CINCINNATI — Time is running out for the public to see an exhibit featuring the photographs of a famed Loveland resident.
“Craft and Camera: The Art of Nancy Ford Cones" opened at the Taft Museum of Art in October but comes to an end on Jan. 15.
Nancy Ford Cones' (1869–1962) photographs earned her an international reputation and recognition in Kodak advertisements and in such prestigious publications as “National Geographic.”
Despite the praise her works received during her lifetime, Cones' work has been largely forgotten after her death. The Taft Art Museum’s exhibition is the first major presentation of her work.
Cones lived on a small riverside farm in Loveland. She created photographs during a time when female artists struggled for recognition. Cones made thousands of photographs featuring a variety of imaginative subjects brought to life with the help of neighbors, friends, and family from a period between 1900 and 1939.
“Craft and Camera gives us incredible insight into pictorial photography, but also the lens through which Cones re-imagined the Ohio River Valley landscape and people around her from a uniquely personal perspective,” guest curator Dr. Pepper Stetler said.
The exhibition includes many of Cones’ fairy tales and literary scenes, such as her celebrated adaptation of “Mr. Micawber,” a character from Charles Dickens’s 1850 novel “David Copperfield.”
This photograph, featuring local grocer, Bill Stokes as the poverty-stricken but optimistic clerk was exhibited at the Royal Photographic Society in London in 1927. “‘Mr. Micawber’ by Nancy Ford Cones is a clever example of photographic illustration,” one critic wrote. “Such works show where America’s strength in camera work really lies.”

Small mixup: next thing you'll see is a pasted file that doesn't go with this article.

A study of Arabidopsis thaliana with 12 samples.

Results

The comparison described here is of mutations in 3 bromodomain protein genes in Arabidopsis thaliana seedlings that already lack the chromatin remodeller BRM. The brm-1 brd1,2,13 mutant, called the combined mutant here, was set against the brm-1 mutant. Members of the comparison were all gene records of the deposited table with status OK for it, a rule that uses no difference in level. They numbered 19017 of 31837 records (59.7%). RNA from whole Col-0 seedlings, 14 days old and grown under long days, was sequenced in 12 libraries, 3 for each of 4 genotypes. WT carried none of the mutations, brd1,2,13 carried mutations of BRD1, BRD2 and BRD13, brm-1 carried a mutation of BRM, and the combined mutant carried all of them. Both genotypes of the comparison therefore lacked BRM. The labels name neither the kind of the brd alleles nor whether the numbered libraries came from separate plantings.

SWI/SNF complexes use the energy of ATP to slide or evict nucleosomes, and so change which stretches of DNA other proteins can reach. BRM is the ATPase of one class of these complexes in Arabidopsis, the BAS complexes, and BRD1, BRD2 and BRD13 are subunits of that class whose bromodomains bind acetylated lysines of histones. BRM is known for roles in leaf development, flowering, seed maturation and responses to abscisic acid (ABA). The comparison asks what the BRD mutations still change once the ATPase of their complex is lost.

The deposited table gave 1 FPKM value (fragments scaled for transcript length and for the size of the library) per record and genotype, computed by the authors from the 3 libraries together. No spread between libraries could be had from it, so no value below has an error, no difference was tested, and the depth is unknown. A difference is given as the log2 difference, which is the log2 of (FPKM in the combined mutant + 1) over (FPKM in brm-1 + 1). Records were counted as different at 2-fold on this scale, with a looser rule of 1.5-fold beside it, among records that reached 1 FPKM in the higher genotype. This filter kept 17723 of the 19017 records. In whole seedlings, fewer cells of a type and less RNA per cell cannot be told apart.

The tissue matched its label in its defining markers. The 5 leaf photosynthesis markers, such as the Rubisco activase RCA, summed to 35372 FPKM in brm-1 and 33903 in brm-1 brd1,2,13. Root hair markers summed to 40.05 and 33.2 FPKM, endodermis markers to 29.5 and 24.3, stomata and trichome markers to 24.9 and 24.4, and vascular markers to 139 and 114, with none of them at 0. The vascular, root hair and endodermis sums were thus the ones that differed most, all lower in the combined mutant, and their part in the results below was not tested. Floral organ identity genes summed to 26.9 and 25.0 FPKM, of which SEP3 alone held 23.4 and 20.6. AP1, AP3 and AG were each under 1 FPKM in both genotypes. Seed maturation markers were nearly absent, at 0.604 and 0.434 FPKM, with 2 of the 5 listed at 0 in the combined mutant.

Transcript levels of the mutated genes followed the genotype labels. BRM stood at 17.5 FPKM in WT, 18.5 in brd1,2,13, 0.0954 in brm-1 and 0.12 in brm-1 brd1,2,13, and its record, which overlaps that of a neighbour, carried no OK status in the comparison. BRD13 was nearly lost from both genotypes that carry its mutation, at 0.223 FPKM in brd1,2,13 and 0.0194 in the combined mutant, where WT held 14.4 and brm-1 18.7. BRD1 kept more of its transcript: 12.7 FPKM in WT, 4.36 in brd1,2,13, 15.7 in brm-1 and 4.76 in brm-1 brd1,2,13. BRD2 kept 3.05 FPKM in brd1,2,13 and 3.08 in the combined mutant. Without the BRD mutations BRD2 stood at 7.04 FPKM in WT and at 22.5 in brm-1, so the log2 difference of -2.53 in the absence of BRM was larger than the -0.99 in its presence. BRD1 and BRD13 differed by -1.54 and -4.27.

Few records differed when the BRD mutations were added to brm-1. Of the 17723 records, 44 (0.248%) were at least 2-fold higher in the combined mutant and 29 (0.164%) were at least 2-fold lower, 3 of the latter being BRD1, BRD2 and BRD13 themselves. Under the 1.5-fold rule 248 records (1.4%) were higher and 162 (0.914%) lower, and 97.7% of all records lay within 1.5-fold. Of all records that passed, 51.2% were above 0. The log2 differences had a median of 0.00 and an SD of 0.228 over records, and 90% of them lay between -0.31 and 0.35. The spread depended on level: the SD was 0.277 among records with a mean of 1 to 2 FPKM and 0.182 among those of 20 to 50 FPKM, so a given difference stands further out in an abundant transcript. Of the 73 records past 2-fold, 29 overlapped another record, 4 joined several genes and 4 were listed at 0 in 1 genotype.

Cones also enrolled her daughter Margaret into her work, creating fantastical scenes featuring dryads, gnomes, and woodland adventures.
Several photographs in this exhibition, such as "The Abode of the Gnomes," shows nude or scantily clad young women, subjects considered in the early 20th century controversial for a rural photographer like Cones. She exhibited only one of her dryad photographs during her lifetime.
Cones' husband James, an expert in printing and developing photographs, helped produce Nancy’s work using a variety of techniques and papers. “Craft and Camera” highlights this collaboration, including her 1905 photograph “Threading the Needle,” which finished second to one by photographer Edward Steichen in a national Eastman Kodak competition drawing 20,000 entries.
The Taft Museum of Art was built 1820 as a private home for several of Cincinnati’s most prominent citizens.